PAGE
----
Twitter CEO Jack Dorsey to developers: We’re sorry
Twitter CEO Jack Dorsey struck a somber and apologetic tone at the company’s annual developer conference on Wednesday for failing to cater to an important constituency: outside coders.
Dorsey used the talk, one of his first since being appointed Twitter’s permanent CEO earlier this month, to explain how the messaging service lost its way among developers. In effect, he said the company screwed up.
“We want to come to you today and first and foremost apologize for our confusion,” Dorsey said.
Dorsey was referring to the company’s decision in 2011 to prevent third-party coders to build apps on top of Twitter, much like they can do with other services like Facebook (FB). It created a huge firestorm that still haunts Twitter today.
Dorsey reminded people that Twitter (TWTR) is still the same “simple messaging service” that it was when he co-founded it in 2006. He flattered developers by detailing how they helped expand Twitter’s reach in its early days by building their own apps and services on top of it.
“This is what we want to see more of,” Dorsey said.
Twitter faces a number of challenges including failing to attract new users, executive departures, and, as Chief Financial Officer Anthony Noto explained in a recent earnings call, a product that “remains too difficult to use.” To shake things up, Twitter’s board brought in Dorsey, who initially served as temporary CEO until taking the job permanently. Dorsey is also the CEO of payments company Square, which recently filed to go public.
Analysts and investors have said that Twitter’s decision to cut out third-party developers contributed to its slow growth. The more that people build services and tools on top of Twitter, the theory goes, the more users it can attract.
That’s partly why Twitter, over the past year, has reversed its closed strategy and built a development product called Fabric that the company hopes coders will use to build new services and apps.
Dorsey’s speech was a plea to the coders who, after being spurned, may now mistrust Twitter and be loath to return. He insisted that the company, under his leadership, is not the same one that rebuffed them in the past.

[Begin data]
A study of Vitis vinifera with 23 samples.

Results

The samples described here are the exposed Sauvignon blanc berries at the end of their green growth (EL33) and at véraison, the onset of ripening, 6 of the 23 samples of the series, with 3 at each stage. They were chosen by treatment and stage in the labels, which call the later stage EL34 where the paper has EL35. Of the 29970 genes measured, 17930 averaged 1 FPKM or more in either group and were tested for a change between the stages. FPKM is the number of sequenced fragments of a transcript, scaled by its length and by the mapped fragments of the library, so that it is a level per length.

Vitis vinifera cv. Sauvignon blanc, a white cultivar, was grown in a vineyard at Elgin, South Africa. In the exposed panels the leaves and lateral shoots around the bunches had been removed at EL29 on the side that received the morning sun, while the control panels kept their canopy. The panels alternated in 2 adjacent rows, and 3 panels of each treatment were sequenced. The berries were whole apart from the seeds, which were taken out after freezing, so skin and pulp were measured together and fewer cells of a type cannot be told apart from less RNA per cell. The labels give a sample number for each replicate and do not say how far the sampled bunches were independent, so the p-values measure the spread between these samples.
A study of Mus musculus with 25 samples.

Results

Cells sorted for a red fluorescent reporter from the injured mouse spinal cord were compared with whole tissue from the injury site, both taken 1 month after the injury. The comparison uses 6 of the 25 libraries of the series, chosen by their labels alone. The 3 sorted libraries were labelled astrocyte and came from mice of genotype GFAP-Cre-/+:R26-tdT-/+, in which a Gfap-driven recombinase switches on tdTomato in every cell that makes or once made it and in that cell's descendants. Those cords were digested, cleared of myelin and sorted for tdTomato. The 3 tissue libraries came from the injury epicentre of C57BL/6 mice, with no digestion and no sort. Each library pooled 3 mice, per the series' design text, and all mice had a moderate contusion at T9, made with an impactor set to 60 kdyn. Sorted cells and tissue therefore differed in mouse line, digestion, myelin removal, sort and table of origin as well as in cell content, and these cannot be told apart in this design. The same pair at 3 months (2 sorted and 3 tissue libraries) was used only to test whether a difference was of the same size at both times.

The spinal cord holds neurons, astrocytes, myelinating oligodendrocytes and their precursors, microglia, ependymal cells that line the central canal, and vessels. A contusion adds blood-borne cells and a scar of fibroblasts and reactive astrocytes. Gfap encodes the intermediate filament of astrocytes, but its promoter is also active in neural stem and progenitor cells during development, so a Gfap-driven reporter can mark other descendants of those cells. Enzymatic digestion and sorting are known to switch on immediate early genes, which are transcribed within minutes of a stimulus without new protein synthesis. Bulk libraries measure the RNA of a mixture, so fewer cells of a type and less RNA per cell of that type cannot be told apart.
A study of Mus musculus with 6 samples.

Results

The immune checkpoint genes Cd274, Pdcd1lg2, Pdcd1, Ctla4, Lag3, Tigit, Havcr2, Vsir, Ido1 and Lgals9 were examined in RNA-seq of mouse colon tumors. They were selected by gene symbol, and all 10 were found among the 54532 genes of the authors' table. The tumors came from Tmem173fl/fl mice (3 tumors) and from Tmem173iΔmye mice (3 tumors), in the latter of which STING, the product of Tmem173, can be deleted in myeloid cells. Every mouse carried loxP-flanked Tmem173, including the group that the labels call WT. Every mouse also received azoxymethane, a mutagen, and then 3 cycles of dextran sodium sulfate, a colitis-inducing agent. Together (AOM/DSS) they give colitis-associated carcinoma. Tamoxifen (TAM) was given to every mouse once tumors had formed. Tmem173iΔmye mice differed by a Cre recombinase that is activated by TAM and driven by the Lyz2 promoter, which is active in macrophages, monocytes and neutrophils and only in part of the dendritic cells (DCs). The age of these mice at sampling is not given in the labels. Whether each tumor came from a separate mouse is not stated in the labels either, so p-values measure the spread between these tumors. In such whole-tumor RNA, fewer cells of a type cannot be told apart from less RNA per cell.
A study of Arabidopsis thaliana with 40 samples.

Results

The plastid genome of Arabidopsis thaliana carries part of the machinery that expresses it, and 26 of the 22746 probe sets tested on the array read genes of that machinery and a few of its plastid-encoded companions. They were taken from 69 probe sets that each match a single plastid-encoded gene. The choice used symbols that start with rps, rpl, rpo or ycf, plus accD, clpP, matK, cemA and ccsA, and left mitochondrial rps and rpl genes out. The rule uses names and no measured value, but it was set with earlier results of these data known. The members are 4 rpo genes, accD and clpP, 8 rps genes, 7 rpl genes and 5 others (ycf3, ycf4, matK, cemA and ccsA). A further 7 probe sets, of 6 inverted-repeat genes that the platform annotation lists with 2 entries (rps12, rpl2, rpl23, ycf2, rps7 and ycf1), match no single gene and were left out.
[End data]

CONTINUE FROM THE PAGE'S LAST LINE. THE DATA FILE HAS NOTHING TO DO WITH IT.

“We need to make sure we are servicing all of our organizations and developers in the best way because that is what is going to make Twitter great,” Dorsey said in full cheerleader mode.
Despite Dorsey’s description of Twitter as a real-time messaging service, it’s clear that he wants it to be more. After he left the stage, a series of Twitter executives showed off new services and features intended to make Twitter more than just a communications tool with a 140 character limit.
For example, Twitter rolled out a new feature for users to create custom polls that can be posted in tweets and a way for developers to embed video advertising into Twitter-related apps. They also bragged about a new service that will let advertisers better target their ads.
In other words, Twitter is not just a messaging service, but also a development platform, an advertising tool, and a data crunching machine. And to top it off, Dorsey hailed Twitter as soapbox for “freedom of expression” that lets users speak “truth to power.”
Indeed, Twitter is a confusing company with big ambitions. Dorsey’s challenge is to explain it all better users, advertisers, and investors who want to know why Twitter is not yet profitable. If he can, he may be just the CEO the company needs at this challenging time.